Landing That First Job
According to the National Center for Educational Statistics, in the 2016-2017 academic year, there were 4.5 million college graduates in the United States. Evidently, that's a lot of people. Let's make an assumption that most of these people are also in the job market. From sheer numbers, it is clear that job hunting is an extremely competitive landscape. To land the first full-time job is one the most fulfilling yet frustrating experiences in life. Although I am happily enjoying my work right now, I faced a long uphill battle to get to where I am today. I hope to shed some light on job searching tips and provide some motivation for those who need it.
A critical mindset to have is that job hunting is a numbers game. This mean that even if you are an extremely qualified candidate, you will still need to submit many applications regardless. Looking at some data online, for every job, there were on average 250 potential applicants, culminating in only a single job offer. So, don't be discouraged -- part of this process is just luck!
To clear up any confusion, however, I want to emphasize that this does not mean to send in half-baked resumes and cover letters, hoping one will stick. Every job that you apply to should be done with due diligence. Spend the extra few minutes to customize your approach on why you are interested in this particular company and position. This strategy may be less effective for larger companies but crucial for mid-size to small startups. Especially when getting an initial interview (usually with the HR or hiring manager), you should know basic information about the company and what the job position entails.
My experience is pertinent to those looking for a job in the tech industry. It took me 200 applications before landing my first full time job; of these 200, many were automatic rejections -- companies nowadays use Applicant Tracking Software (ATS), meaning that the computer scans your resume prior to having a human read it. Amusing aside: I applied to a fairly well-known company back in May 2018; in January 2019, I received a generic rejection email, meaning the response time was 8 months! It is not uncommon to either be ignored completely or get an significantly delayed response. A rule of thumb is to keep your resume simple; fancy graphics or format will only confuse the ATS and cause it to throw your resume in the trash without any further consideration. Furthermore, I am a fan of the STAR method (Situation, Task, Action, Result) to eloquently and concisely describe your work experience and/or projects. It is widely known that recruiters only spend a few seconds scanning each resume so having a structured response is critical for your application to be further considered.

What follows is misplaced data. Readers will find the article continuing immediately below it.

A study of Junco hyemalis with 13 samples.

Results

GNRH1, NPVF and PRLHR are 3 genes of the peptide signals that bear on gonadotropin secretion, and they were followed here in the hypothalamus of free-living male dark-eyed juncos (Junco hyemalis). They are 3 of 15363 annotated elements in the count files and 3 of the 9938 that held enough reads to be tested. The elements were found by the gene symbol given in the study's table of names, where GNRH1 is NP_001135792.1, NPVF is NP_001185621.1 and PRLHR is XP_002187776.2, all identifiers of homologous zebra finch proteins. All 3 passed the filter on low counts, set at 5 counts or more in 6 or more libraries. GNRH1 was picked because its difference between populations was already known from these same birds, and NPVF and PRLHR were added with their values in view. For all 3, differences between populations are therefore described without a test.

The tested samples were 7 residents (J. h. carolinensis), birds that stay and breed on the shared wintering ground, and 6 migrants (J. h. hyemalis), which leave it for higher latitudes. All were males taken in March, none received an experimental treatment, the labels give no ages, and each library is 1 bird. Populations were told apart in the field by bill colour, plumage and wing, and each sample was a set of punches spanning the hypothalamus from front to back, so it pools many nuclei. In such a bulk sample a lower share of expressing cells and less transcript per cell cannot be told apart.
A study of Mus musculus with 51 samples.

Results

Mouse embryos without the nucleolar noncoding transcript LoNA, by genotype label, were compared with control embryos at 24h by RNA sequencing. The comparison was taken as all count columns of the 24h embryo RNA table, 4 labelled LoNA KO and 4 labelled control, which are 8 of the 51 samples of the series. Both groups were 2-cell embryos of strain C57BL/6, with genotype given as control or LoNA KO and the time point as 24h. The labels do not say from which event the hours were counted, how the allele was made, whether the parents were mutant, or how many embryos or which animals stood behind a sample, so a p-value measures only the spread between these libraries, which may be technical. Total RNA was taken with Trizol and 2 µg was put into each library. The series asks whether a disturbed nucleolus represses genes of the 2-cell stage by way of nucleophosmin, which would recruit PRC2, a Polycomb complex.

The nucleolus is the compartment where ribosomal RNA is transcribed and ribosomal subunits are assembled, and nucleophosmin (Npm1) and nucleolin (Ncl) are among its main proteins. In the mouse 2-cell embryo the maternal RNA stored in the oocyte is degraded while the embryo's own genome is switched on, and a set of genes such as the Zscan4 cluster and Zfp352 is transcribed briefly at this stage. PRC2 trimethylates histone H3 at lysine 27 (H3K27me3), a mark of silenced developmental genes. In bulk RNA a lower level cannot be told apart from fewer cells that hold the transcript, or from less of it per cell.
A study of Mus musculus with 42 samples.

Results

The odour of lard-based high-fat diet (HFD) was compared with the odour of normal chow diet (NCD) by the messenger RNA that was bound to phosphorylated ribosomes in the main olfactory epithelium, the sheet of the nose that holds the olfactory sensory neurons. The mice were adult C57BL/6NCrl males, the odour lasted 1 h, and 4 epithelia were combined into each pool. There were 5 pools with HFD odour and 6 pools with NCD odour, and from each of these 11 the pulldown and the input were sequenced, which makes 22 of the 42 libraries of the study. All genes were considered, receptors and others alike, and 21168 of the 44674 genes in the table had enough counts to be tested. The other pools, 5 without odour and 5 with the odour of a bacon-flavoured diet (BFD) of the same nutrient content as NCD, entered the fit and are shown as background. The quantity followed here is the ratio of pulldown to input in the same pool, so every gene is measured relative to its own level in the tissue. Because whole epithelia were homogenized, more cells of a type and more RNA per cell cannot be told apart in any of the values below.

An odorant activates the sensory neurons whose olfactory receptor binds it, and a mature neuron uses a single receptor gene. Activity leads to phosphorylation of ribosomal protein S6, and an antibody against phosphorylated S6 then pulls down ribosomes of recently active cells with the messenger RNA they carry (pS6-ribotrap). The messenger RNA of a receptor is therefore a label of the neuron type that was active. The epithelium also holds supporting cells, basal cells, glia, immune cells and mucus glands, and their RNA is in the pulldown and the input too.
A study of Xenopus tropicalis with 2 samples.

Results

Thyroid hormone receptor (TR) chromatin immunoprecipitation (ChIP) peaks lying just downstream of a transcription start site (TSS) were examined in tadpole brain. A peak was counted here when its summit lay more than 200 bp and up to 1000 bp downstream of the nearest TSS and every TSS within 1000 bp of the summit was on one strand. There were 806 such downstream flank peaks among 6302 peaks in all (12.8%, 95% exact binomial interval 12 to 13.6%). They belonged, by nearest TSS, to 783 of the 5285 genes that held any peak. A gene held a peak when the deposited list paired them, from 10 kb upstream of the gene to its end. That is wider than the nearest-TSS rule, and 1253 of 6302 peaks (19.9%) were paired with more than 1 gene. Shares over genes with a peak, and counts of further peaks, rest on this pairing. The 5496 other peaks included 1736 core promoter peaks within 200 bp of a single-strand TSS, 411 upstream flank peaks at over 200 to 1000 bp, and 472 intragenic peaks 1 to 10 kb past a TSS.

For each job application, I recorded all of the relevant details in a spreadsheet and updated it if I heard any response from the company. During the job searching process--I encourage you to do the same--I strived to have 20 live applications at any one time. If I did not hear anything for 2 weeks, then the application was considered “dead". This encourages me to consistently apply to jobs and always have something in the pipeline for interviews and/or coding challenges. Whenever I had an interview, I would make sure to comment on what went well, but more importantly, what I could have improved on. This allows me to learn from my mistakes instead of recycling the same errors in subsequent interviews.
Whenever possible, use LinkedIn as a resource. If the company you are applying for has a connection, whether it's a close friend or simply an alumni, do not hesitate to reach out. Referrals are a two-way street benefiting both parties -- they guarantee your resume will be looked at, and can potentially result in a job offer; on the other hand, the person giving the referral will receive a juicy bonus paycheck if you are accepted.
Regarding cover letters, even if it is optional, make sure to submit one anyway. It is typical for companies to perform a simple filter on those who submitted a cover letter to narrow down the candidate pool. Thinking from the perspective of the company, it is practical to hire candidates who put the extra time and effort when applying for the job.
I hope that I was able to provide some useful guidance in the difficult job searching process. All I can say is to keep pushing because a job will land eventually, whether it takes days, weeks, months, or even a whole year!